Manual for the surveillance of vaccine-preventable diseases. Chapter 20: Analysis of surveillance data

    Analysis of surveillance data
  • Journal Article:
    Manual for the surveillance of vaccine-preventable diseases

    Ongoing analysis of surveillance data is important for detecting outbreaks and unexpected increases or decreases in disease occurrence, monitoring disease trends, and evaluating the effectiveness of disease control programs and policies. This information is also needed to determine the most appropriate and efficient allocation of public health resources and personnel.

    Analyses should be performed at regular intervals to identify changes in disease reporting. These analyses can be performed using standard approaches (e.g., running a standard computer program to generate a summary report). Findings of analyses should be reviewed regularly and provided as feedback to medical providers and others in the community who are asked to report cases. Often additional, special analyses are needed to answer specific questions that arise; these analyses may require additional customized approaches beyond what are routinely performed.

    Analyses can be done using any one of a number of database and statistical programs. Systems developed by CDC and others can assist in epidemiologic and laboratory surveillance, outbreak detection, and mapping. Local health departments should contact the state health department for information about recommended software and to identify support for setting up a surveillance database at a local level. The state health department may also give assistance in setting up useful analyses and reports that can be generated as needed.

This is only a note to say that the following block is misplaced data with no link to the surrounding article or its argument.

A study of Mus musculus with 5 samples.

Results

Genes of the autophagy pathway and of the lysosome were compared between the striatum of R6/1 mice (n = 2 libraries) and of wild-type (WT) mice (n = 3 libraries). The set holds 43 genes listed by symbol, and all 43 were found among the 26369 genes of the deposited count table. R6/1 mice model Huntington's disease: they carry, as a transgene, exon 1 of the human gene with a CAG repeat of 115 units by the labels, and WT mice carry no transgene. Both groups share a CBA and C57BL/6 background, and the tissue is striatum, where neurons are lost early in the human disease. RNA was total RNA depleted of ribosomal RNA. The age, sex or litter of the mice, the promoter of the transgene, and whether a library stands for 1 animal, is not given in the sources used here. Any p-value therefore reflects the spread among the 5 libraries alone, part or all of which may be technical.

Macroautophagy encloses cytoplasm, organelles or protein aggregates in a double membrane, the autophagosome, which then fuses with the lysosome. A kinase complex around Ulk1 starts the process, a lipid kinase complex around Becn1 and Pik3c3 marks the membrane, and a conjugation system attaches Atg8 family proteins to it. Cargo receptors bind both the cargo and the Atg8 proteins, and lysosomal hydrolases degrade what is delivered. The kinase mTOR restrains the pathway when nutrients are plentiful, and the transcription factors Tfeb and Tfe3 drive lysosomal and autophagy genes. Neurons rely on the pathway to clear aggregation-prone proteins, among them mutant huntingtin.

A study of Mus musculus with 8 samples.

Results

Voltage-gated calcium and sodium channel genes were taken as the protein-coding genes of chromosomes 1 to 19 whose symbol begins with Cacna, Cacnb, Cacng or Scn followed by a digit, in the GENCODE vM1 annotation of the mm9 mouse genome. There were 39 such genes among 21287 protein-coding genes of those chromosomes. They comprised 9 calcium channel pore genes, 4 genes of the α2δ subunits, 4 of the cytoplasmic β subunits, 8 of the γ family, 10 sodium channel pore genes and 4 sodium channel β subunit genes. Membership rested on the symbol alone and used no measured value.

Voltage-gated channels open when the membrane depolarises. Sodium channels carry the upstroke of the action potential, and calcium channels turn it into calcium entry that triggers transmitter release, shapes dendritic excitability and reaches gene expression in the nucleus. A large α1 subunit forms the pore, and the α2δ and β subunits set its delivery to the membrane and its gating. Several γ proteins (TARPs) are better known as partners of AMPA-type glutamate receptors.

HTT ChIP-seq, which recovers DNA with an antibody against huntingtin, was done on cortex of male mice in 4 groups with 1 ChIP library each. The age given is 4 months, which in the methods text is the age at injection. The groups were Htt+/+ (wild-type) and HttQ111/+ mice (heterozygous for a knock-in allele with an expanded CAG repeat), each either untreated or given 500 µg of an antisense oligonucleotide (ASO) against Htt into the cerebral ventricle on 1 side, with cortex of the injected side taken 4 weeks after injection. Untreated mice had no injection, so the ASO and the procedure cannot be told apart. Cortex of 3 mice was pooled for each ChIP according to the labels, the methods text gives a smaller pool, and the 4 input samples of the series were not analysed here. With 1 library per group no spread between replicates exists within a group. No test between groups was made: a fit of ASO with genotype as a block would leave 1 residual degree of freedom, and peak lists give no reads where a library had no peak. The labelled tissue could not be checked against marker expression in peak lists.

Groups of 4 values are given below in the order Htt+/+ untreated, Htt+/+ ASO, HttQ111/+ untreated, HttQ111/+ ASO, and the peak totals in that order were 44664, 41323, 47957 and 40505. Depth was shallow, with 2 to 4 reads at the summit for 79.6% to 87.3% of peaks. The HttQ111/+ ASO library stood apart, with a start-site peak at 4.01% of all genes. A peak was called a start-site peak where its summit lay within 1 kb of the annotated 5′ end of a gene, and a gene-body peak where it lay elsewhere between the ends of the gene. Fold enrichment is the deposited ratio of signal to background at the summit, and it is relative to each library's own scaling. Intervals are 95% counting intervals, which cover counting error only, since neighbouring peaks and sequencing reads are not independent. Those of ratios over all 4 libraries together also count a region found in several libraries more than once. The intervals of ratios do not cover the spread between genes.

However, although computer technology has greatly facilitated collection and analysis of surveillance data, surveillance of most vaccine-preventable diseases in the United States results in small numbers of cases, and data analysis is not complex (see examples included in this chapter). In addition, skillful interpretation of the data is needed to determine why any aberrations may be occurring or decide whether additional action is necessary. Therefore, both technologic and human factors play important roles in analysis of surveillance data. Despite the increased speed and accuracy of a sophisticated trend analysis, it must be supplemented by familiarity with the people and the disease patterns in a community and with the reporting system being used.

    The mistake most commonly made in analysis and use of public health surveillance data is not related to statistical testing, improper presentation of data, or failure to perform complex multivariate analyses; the most common mistake is not looking at the data. Computer hardware and software can facilitate the epidemiologist’s task, but they are no substitute for looking, thinking, discussing, and taking action.